The evergreen issue of whether officiating in the NFL should be a full-time job rather than just what some accountant does with his weekends is slowly working toward a resolution.
Or, upon further review, at least a partial resolution.
“I don’t think all of them need to be full time,” Steelers president Art Rooney II was saying after practice this week in Latrobe. “But we’re moving in a direction where some will be, the head guys, the referees.
“That was part of the negotiations in this last [officials] deal. It’s good to have at least the main guys be full time.”
In and around this professional football training camp, the consensus is that it’s long past time to have full-time officials, but the polling sample is a little biased toward the importance of professional football.
I mean they’re really into it.
They are hyper-scrutinizers and they want their product officiated by people who are fully prepared to hyper-scrutinize the heck out of it.
For a long time, my thoughts on this were mostly that I couldn’t imagine what all the officials would do all week in a full-time gig. We’re well into the age of telecommuting, obviously, which has pretty much wrecked my idyllic vision of a bunch of zebras around the water cooler on Monday having awkward conversations.
“So, you see that Broncos game yesterday?”
“I did the Broncos game.”
“Oh, ouch, sorry. Boy you really … um, ya know I’ve got some video I’ve got to go through, so …
“Yeah, me too.”
There is an officiating command center in New York (not sure if its part of NATO) where I guess they could convene during the week. Have lunch on Park Avenue or order in. Bring cupcakes if it’s somebody’s birthday.
Thing is, a lot of these guys probably don’t want a full-time job with the league. Among the people sorting out the mayhem for the NFL are six attorneys, three engineers, four real estate developers and 40 or 50 managers, educators and members of the finance industry. Only four are retired from something, so yeah, I guess they could arrange for the cupcakes.
The problem is, as Steelers defensive coordinator Dick LeBeau pointed out, the game has become so fast, with the ball in the air so often, and with so many new restrictions on the nature of contact, and especially with so many replays and challenges, it can only help to have officials who are fully engaged.
Coaches’ challenges totaled 183 last season, which is down from a high of 250 in 2007, but reversals totaled 185, an all-time high. Reversals are up more than 200 percent from a low of 57 in 1999.
If you go strictly on the results of challenges, the default comment “they get it right most of the time” is no longer correct. In 2013, for the second year in a row, more than half the challenges resulted in reversals.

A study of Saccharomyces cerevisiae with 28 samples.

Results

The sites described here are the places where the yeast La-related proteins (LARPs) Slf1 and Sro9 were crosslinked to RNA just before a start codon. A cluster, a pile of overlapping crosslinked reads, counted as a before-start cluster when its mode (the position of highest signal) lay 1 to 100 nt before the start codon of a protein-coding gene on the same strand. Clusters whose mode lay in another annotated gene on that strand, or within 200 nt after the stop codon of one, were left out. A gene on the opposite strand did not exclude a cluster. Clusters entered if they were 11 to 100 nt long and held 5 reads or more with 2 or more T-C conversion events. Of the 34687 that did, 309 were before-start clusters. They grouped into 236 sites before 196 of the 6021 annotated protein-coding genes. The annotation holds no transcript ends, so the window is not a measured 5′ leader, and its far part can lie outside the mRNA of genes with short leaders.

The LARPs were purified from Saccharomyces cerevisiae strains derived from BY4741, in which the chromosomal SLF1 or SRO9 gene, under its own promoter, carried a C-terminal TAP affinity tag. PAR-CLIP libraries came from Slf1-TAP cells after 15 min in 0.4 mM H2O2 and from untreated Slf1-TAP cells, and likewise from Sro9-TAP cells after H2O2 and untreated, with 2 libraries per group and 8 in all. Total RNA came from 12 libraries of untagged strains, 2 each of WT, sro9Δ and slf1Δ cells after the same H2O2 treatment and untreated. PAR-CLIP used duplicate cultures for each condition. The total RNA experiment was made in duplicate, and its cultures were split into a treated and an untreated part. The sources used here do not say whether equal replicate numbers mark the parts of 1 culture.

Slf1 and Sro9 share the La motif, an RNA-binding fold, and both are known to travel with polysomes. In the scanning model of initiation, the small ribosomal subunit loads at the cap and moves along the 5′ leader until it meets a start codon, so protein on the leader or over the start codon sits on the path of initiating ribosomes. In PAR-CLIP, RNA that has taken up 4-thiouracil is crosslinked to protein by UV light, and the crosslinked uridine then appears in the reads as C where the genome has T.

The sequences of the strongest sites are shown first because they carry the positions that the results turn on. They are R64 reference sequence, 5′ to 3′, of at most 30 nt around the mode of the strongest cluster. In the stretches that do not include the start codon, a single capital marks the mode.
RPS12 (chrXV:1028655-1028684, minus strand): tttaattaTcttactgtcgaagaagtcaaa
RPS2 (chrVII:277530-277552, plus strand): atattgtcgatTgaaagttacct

Part of the difficulty stems from the proliferating ways in which replay is complicating the game. There are now 22 different kinds of plays in seven categories deemed reviewable, and eight plays or situations that are, for the moment, deemed non-reviewable.
Here’s a little quiz.
One of the following situations is reviewable and one is not. Which is which?
• The sideline marker is indicating that it’s third down, but the scoreboard indicates it’s fourth down, and the officiating crew is split on the matter.
• A loose ball in play appears to have struck a groundhog.
If you answered that the groundhog play is reviewable and the what-down-is-it situation is not, you might want to apply for a full-time job on Park Avenue.
The proper down question is No. 2 among the eight deadly non-reviewables, but the groundhog scenario is covered by No. 6 under subsection B (plays involving touching) regarding reviewable plays: Whether a loose ball in play has struck a video board, guide wire, sky cam or any other object.
And the league only makes it harder with edicts such as this:
(When a play is reviewed), all reviewable aspects of the play may be examined and are subject to reversal, even if not identified in a coach’s challenge or if not the specific reason for a replay official’s request for review.
This is why, as I’ve noted previously, eventually, everyone’s every move will be reviewed and adjudicated, with the full results, along with the final score of the game, available maybe by the close of business Wednesday.
After cupcakes of course.
Gene Collier: firstname.lastname@example.org.